The early days of a start-up throw a lot at entrepreneurs.
There's cash flow to worry about. There's staffing. There are often patents or leases to secure. It's easy for tasks to slip through the cracks. All too often, though, the first to do so is serious thought about the company's culture.
Corporate culture sounds like a touchy-feely thing — something that's great to think about in those fleeting moments, when you're not being inundated with 100 other pressing items. But serial entrepreneurs and small business experts say it can be the key to a company's long-term success.
"Culture is what takes a group of individuals and melds them into something greater," says Robert R. Ackerman, Jr., founder and managing director of venture capital firm Allegis Capital. "It's the sum of the parts argument. They have a vested interest in the outcome and in identifying and addressing challenges. Culture is what changes that environment."
Cultures vary depending on the business, of course. There's no universal formula. But there are a few rules of thumb that can make creating one that fits your needs easier.
One of the most important is creating something that's unique. Too many small businesses attempt to clone another company's culture — and fail in the process. Others simply thumb through a few how-to-start-a-company books, picking and choosing themes.
"The early culture decisions set the trajectory and course of the company. It has a major, major impact," says Dharmesh Shah, a serial software entrepreneur and the founder and CTO of HubSpot, which provides marketing software for small businesses. "The biggest mistake start-ups make when building and defining their culture is that they don't make it distinctive enough. It's often littered with broad, generic, feel-good platitudes. That's not useful. If a company describes their culture as being one of 'integrity and excellence' and other such platitudes, they've essentially failed at understanding their culture."
Similarly, he notes, too many companies confuse culture with activities. A game machine in the lobby or free beers on Friday might support a culture, but they don't define it.
"The cultural statement is something more like: 'We value team interaction — both during and after work, and will invest time and energy in helping make those interactions happen.'," Shah says.
Cultures also aren't put together by an individual. While a founder can have a dominant voice in establishing a corporate culture, it's the founding employees who cement it. That adds another level of importance to early hires. Each person a company brings on board should not only be willing to put in the sometimes excruciating hours that go with a start-up, they should also fit smoothly into the company's core values.
"If you're building that culture in the early days, it's essential that every new employee that comes in can fit into it," says Ackerman. "That means the CEO is interviewing every new hire up until a certain threshold – maybe 50 or 100 employees. … And spend time with them. You want them to feel they were expected and you're excited they're there."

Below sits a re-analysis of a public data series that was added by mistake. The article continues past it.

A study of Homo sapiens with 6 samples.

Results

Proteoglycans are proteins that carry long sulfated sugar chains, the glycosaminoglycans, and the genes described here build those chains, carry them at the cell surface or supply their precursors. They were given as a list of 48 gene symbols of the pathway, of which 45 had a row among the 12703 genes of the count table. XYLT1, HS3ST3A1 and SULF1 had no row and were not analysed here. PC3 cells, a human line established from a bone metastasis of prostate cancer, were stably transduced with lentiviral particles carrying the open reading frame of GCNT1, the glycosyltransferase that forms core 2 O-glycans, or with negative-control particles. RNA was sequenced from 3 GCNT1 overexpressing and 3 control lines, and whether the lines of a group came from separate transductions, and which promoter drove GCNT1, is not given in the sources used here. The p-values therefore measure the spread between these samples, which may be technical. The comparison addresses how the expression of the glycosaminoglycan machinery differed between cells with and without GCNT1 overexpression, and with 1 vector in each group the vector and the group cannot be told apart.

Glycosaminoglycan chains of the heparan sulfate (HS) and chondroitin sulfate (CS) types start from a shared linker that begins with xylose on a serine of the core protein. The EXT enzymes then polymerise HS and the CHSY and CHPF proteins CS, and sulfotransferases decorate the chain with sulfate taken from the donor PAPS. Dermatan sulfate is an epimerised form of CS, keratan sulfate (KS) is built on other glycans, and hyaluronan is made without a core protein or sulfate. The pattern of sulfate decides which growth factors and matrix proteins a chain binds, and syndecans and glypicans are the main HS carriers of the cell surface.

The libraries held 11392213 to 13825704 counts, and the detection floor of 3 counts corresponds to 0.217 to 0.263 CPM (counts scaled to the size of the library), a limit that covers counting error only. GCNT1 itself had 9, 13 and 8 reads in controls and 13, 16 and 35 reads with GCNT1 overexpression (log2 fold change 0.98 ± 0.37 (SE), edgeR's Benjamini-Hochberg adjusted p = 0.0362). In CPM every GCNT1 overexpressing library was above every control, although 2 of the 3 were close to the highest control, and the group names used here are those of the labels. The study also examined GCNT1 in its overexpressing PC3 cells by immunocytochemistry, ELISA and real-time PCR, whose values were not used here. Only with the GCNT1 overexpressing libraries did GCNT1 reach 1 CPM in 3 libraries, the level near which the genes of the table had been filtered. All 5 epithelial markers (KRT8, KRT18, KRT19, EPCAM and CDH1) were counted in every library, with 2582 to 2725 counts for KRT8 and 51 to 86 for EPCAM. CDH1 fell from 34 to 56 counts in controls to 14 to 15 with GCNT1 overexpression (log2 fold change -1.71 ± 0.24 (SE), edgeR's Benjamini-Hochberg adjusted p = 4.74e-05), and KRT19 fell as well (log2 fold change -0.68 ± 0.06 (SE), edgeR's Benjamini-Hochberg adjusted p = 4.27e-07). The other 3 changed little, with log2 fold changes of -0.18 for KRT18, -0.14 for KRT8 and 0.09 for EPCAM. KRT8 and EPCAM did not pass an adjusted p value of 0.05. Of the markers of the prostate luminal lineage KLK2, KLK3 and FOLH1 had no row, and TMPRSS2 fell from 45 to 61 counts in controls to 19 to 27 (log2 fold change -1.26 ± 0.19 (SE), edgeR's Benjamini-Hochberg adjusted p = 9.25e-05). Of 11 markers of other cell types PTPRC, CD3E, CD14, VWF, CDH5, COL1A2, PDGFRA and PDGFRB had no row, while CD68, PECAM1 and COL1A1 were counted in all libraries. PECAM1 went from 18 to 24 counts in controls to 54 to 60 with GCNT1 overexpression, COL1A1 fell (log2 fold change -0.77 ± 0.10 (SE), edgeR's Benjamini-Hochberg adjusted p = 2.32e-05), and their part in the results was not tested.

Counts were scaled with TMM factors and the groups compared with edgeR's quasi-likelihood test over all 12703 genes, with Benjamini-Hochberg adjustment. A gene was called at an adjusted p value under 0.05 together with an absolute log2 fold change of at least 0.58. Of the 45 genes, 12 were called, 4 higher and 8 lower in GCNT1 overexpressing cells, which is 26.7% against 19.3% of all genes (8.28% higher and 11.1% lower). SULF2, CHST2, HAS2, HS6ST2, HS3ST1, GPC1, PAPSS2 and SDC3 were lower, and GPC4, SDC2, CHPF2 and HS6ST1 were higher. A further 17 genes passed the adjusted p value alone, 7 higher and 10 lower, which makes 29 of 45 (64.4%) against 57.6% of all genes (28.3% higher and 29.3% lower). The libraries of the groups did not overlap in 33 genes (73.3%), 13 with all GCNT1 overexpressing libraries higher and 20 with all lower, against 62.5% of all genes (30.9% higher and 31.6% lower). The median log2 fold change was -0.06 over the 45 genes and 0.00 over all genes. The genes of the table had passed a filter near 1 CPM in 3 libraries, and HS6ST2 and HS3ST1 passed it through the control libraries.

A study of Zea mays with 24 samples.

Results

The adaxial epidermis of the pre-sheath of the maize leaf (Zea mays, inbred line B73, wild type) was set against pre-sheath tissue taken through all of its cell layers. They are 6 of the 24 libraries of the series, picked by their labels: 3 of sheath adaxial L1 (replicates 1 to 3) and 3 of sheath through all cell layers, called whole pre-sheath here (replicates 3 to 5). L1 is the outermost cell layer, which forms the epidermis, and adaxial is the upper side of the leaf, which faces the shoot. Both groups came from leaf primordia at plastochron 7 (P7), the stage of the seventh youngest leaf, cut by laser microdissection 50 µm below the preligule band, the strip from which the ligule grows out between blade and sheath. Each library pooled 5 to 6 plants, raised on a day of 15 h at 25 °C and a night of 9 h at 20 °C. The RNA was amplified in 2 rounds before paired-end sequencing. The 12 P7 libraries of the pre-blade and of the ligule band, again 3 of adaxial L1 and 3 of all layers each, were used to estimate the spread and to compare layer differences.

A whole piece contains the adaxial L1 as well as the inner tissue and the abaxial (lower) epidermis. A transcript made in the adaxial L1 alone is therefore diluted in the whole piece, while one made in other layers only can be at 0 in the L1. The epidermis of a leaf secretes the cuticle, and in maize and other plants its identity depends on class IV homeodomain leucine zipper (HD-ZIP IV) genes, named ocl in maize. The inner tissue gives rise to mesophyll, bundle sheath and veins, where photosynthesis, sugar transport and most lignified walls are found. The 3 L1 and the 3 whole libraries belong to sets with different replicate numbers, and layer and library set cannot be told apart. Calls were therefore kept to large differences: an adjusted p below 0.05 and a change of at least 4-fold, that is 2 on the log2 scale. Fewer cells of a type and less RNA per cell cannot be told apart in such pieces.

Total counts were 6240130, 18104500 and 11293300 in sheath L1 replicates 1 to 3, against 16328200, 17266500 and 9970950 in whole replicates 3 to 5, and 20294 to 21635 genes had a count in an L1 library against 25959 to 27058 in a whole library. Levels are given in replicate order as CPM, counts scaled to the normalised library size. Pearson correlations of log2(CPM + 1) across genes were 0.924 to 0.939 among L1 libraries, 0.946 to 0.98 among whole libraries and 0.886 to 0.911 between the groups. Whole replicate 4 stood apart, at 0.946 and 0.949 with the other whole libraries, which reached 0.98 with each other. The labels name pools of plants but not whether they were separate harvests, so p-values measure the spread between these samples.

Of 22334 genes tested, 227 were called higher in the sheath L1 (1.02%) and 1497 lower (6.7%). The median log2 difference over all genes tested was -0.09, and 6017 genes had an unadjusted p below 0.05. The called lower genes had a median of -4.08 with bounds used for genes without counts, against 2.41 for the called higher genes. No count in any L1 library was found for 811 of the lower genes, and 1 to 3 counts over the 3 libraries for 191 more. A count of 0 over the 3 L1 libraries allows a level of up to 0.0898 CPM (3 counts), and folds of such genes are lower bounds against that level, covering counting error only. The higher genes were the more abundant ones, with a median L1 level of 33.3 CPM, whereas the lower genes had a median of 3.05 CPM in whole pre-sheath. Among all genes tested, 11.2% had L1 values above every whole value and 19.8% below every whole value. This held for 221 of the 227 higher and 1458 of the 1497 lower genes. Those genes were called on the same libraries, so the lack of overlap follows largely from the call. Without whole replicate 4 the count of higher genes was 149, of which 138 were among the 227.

Open communication at the company is also a good building block. Limiting employees to only offering input from their designated sector can stifle opportunities for the company to grow. Additionally, don't be afraid to let workers challenge decisions. Everyone should be able to point out that the emperor has no clothes.
Ironport Systems, for example, built a culture where employees could say anything negative they wanted about ideas, as long as they could back up their arguments and ended their statements with the word "dude". The company was acquired by Cisco in 2007 for $830 million.
One of the best ways to encourage this sort of discussion is transparency.
"Our default position on information within the company is 'open' (and someone has to justify it being 'closed')," says Shah. "We share detailed information about company financials (cash in the bank, burn rate, how long the money will last, company funding rounds, revenue growth, sales performance — just about everything). We share this information with every employee in the company. Because we set this early tone — people don't have to debate whether a specific piece of information is 'shareable' with others in the company."
Finally, while the hierarchical structure of a start-up is up to the founder and executive team, it's important to show solidarity.
"Management should be at every company event," says Ackerman. "There is nothing that is not important enough for the CEO to be there. … I've had companies that, when they start out, go over to Ikea, buy furniture, then spend the weekend building it together. And the CEO is there, bringing in pizza and helping out. It demonstrates that nobody is better than anyone else."